Last week I talked about glutathione and its important role in the methylation cycle to protect and stabilize DNA and to detoxify our bodies. It is involved in literally every aspect of the disease process, and is an important factor in our immune system. This week’s topic is chelation, a process to remove heavy metals from the body. Heavy metals disrupt biochemical pathways, such as the methylation cycle, and they increase oxidative stress, trigger autoimmune reactions and can alter the immune system. Through tests, we know Ryan experiences oxidative stress, and he has allergies too numerous to count. Both allergic reactions and autoimmune disorders are a result of the immune system overreacting or responding inappropriately.
Because Ryan’s methylation cycle is compromised, he has high levels of mercury, cadmium and lead. I’m often asked how Ryan could possibly have heavy metal toxicity. The short answer is heavy metals are everywhere and are part of the earth’s crust. That said, because of industrial processes, our environment is saturated with them. Synopsized from the Centers for Disease Control (CDC) website
- Cadmium is a by-product of lead and zinc mining and smelting (separating the metal from the ore). Because it does not corrode, it is used in electroplating and is found in fertilizer and shellfish. It can gather and accumulate in plants and has contaminated irrigation waters. It is also found in tobacco and cigarettes. Chronic toxicity may result in obstructive pulmonary disease, emphysema and kidney disease.
- Lead is primarily used in manufacturing batteries, plastics, china, ceramic glass and paint. It is the most widespread toxic metal on earth and is the second most hazardous substance found at sites listed on the National Priorities List. The primary route of exposure is through ingestion, such as breathing contaminated dust, drinking contaminated water, and absorbing lead from lead-based glazes in pottery. Children are particularly at risk. The toxic effects of lead include brain disease in children and the fetal brain may be particularly sensitive to the toxic effects because of the immaturity of the blood-brain barrier in the fetus.
- Mercury is used to produce vapor lamps, fluorescent tubes, thermometers and electrical products. It is present in seafood. It exists in a number of forms, which may affect different parts of the body. Methyl mercury is the most toxic form and its accumulation in the central nervous system may result in neurotoxic effects in adults, and toxicity in fetuses exposed to methyl mercury during pregnancy. You may have heard the phrase, “Mad as a Hatter” to refer to people suffering from mental illness. The phrase has its origins in 18th and 19th century England, when mercury was used in the production of felt, used in manufacturing hats at the time. People working in hat factories were exposed daily to trace amounts of mercury, which accumulated over time causing dementia and uncontrolled twitches and tremors from mercury poisoning.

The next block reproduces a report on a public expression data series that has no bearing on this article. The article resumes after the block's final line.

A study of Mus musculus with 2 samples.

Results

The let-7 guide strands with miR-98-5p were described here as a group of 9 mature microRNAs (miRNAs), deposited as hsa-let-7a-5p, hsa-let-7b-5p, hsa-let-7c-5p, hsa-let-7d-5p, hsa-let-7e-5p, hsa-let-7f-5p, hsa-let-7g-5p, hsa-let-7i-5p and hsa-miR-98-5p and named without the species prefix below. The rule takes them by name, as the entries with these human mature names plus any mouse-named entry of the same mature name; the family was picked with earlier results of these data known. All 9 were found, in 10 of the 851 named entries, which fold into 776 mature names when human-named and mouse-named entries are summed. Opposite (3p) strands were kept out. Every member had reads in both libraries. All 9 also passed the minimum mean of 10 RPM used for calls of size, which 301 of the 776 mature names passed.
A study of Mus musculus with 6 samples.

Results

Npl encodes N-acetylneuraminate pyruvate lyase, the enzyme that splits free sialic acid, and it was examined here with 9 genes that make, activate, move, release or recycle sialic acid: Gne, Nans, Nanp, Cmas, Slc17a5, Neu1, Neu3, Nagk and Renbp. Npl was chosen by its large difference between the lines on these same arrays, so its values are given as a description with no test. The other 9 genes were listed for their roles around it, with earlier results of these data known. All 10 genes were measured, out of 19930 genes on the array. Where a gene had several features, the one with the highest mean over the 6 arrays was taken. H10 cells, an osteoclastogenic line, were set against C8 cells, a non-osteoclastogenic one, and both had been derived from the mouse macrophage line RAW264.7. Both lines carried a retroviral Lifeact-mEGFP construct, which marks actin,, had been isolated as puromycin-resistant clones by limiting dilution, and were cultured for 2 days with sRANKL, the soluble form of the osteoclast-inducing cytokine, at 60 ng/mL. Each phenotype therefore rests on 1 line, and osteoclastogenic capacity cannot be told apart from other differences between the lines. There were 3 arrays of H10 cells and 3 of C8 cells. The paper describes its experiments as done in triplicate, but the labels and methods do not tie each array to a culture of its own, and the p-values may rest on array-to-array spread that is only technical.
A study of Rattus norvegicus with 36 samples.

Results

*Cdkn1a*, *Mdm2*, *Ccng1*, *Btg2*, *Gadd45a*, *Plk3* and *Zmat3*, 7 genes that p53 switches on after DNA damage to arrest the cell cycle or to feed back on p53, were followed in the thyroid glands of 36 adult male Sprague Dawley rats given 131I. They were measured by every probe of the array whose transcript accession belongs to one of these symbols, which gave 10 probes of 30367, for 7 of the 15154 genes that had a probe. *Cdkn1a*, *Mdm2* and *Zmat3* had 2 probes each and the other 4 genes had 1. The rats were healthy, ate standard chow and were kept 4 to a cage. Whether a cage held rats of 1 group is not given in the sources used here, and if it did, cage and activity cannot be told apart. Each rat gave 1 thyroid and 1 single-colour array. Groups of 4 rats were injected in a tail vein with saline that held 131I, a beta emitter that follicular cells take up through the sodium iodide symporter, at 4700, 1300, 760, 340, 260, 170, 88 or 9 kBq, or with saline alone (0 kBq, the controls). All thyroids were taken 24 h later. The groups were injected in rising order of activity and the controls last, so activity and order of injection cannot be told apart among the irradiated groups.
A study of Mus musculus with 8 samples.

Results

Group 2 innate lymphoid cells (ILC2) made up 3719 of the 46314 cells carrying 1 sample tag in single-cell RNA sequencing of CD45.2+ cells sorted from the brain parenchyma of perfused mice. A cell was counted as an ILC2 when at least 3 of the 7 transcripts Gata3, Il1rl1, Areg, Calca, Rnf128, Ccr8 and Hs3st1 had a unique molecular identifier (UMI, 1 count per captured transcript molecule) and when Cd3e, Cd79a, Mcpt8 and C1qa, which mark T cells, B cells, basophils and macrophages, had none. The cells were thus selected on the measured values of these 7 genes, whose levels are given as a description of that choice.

I hope this clarifies why I want these metals out of Ryan’s body. Chelation is the means to do that, but has been a controversial topic, largely because of one-sided stories in the news that portray parents as “extreme” or grasping at straws trying “out there”, unsafe treatments for their children. In actuality, chelation is a mainstream treatment that has been used since at least the 1950s to treat heavy metal poisoning. “Chelation” comes from the Greek word chele, which means “claw”, describing the way the chelating agent grabs onto the metals, which are then excreted in urine. Heavy metals “hide” in the body’s tissues, to include the brain. Chelators bind to heavy metals, such as iron, lead, mercury, cadmium and zinc, so essential metals that might be inadvertently removed from the body are simultaneously replaced through additives to the chelating agent. Ryan's doctor also adds glutathione to his chelating compounds.
There are different chelating agents used, and different methods. Ryan has had Dimercaptosuccinic acid (DMSA) and Dimercapto-1-propanesulfonic acid (DMPS) in suppositories and a transdermal cream, as well as one IV chelation challenge. Chelating is a long process, and takes multiple treatments.
You might have heard chelation is dangerous, and that children have died while receiving IV chelation treatment. There are 3 cases reported on the CDC website. These all involved the chelation agent Ethylene Diamine Tetracetic Acid (EDTA), but these deaths were all caused by medical error when Na2 EDTA instead of Ca EDTA was administered. Chelation is safe when done properly and medical professionals take the time to properly read labels. To my knowledge, there has never been a reported case of death or injury from DMSA or DMPS use, and both are widely regarded as safe.
However, the level of metal exposure considered “safe” is still unknown, and is different for different metals and different people at different ages. Levels of lead that were once considered non-toxic are now known to cause neurotoxic injury, and have lowered IQ in children. When will we start paying closer attention to mercury and other metals? According to the CDC, about 1 in 6 children in the US had a developmental disability in 2008. It’s time we started protecting our children before that statistic becomes 1 in 1.